Alicante and the Costa Blanca - Sailing The Med
16243
page,page-id-16243,page-child,parent-pageid-16219,page-template-default,ajax_fade,page_not_loaded,,side_area_uncovered_from_content,qode-theme-ver-7.8
 

Alicante and the Costa Blanca

In 711 AD the Moors invaded Spain through Gibraltar and would occupy the region of Alicante by 718 AD. Their occupation was to last nearly four hundred years and would mould the landscape of the region. The Moors introduced irrigation and the planting of oranges, peaches and almond orchards. The terraces seen on the hillsides throughout the region are an everlasting Moor legacy.

 

The Moors would not be completely expelled until 1492, when Ferdinand and Isabella, the Catholic monarchs, finally took control of Granada. In 1095 Spain became part of the North African Muslim Empire and for another four hundred years the Moors and Christians would fight over control of Spanish soil. Alicante was gradually regained from the Moors in 1248 by James I of Aragon. After their expulsion, the Moors continued to attack Spain. During the 16th and 17th centuries, Berber pirate attacks were frequent all along the Mediterranean coastline and there is still plenty of evidence to support this amongst the beautiful historic buildings that make up the Costa Blanca numerous old towns.

 

The first Spanish Constitution was written in 1812 and following this the provincial boundaries were established, establishing the regions including Alicante and Murcia as they are today. In 923, Miguel Primo de Rivera took control of Spain as a dictator, eventually forcing Alfonso XIII into exile. The Spanish Civil War, (1936–1939) would divide the country and Alicante and Murcia would remain supporters of the Republican movement. In 1939 General Francisco Franco, the leader of the nationalists took control of Spain.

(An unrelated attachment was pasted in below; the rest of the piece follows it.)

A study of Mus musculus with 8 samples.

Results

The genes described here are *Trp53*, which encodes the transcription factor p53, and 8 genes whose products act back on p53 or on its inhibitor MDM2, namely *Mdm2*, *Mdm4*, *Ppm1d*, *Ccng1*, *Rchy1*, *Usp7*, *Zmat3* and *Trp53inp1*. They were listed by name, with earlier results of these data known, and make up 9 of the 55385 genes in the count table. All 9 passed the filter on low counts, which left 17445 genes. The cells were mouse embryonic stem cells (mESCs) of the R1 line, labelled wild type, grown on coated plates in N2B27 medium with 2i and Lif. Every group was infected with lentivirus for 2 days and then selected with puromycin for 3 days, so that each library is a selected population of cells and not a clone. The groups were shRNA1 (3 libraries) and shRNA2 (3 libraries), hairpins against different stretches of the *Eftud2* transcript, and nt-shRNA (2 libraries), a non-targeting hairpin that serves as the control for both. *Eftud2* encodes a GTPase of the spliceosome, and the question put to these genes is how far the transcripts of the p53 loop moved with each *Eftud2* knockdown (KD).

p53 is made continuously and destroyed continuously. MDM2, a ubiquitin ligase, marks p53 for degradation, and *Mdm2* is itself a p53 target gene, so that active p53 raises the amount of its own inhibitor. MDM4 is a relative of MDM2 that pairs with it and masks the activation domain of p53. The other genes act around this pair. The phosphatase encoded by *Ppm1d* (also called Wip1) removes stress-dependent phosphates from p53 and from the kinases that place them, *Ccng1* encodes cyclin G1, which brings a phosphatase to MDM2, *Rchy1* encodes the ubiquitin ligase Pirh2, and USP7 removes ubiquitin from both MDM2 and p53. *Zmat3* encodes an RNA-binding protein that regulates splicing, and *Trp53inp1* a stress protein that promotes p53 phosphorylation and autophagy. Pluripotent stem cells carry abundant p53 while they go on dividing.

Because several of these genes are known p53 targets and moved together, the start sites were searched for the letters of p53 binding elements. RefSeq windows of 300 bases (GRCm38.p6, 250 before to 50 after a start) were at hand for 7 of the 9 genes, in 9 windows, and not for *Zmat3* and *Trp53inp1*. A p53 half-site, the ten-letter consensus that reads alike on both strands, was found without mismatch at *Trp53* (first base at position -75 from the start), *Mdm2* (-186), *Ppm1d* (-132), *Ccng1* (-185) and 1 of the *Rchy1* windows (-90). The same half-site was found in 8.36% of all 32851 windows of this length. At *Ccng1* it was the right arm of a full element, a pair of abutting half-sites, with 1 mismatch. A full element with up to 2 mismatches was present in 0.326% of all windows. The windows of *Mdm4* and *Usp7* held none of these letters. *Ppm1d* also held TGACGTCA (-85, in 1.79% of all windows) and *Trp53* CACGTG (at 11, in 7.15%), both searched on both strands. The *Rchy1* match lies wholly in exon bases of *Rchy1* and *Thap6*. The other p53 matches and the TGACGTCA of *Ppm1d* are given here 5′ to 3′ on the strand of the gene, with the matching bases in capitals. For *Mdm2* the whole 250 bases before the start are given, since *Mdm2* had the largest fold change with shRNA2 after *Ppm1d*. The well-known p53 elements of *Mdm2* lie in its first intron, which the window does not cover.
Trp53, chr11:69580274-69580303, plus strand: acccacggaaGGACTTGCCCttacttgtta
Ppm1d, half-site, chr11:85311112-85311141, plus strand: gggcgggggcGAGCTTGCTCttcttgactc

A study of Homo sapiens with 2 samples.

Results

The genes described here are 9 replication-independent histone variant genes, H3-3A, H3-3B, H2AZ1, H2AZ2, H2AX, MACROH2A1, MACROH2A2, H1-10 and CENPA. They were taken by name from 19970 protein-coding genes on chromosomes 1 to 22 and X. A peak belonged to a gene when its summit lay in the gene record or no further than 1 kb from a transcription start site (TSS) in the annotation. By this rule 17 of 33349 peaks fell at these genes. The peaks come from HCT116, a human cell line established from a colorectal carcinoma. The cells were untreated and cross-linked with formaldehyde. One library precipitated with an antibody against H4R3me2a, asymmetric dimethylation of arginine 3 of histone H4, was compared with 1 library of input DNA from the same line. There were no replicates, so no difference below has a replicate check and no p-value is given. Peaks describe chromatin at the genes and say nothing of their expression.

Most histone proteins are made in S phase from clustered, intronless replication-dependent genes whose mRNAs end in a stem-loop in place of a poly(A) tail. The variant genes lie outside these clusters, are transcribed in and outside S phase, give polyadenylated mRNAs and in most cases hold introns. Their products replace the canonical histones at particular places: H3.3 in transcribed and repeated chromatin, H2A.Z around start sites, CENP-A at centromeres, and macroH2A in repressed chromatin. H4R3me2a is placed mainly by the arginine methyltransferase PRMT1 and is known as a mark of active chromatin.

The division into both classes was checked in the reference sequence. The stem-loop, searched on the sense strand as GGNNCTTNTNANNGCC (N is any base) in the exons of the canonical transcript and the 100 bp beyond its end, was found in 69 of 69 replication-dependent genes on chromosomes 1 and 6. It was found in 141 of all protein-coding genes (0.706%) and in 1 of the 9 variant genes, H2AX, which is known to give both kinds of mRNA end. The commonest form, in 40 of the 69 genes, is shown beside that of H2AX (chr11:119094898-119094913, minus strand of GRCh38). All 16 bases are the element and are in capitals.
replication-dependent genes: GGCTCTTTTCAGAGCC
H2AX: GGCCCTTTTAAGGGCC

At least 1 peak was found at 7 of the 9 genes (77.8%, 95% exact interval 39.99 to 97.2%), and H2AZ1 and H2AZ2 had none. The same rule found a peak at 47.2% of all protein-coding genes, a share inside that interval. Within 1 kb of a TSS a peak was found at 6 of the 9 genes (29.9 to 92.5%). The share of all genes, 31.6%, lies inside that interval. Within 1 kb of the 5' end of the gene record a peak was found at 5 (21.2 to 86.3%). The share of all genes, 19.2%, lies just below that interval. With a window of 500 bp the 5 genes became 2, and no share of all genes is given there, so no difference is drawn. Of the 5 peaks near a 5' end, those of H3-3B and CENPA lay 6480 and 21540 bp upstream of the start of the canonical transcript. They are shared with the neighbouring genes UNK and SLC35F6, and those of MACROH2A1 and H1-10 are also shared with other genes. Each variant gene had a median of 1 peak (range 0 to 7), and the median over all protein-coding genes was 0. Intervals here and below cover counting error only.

In early 2015 “Cheeky Mojito” arrived in Alicante from her previous life in Sicily and loved the place so much she decided to stay.

 

Nowadays there are in the region of 6,000,000 tourists a year who visit the Costa Blanca.

 

Alicante is a fantastic little city. With the International airport just a 15 minute taxi ride away and excellent road and rail links, you will not spend hours travelling to get here. Alicante is very Spanish and therefore more authentic and much better value than some of the other major Spanish cities. The night life in Alicante is superb, “The Rough Guide” says it is the best in Spain, and you will find a great atmosphere in the many restaurants, cafes, music bars and nightclubs. If you like to party then you can party all night here.

Alicante, the host of the 2014 Volvo round the world race, has a state of the art marina with clean, modern facilities. You will find “Cheeky Mojito”, our Beneteau 423, on Berth M10 where a warm welcome awaits you. Whatever your experience or expectation, we have a course or holiday to suit you and with a maximum lesson size of 5 students, you are assured of quality hands-on tuition.

 

In Alicante we have an excellent sailing playground for the perfect learn to sail holiday. This includes the Costa Blanca’s only inhabited island of Tabarca, with its beautiful sandy beach and great snorkelling. We also have the smaller marinas of Santa Pola and Villa Joyoisa where if you are on a sailing course you might end up spending a night or two.

 

If you are chartering with us then we can visit the beautiful Costa Blanca towns of Altea, Moraira, Javea or Denia.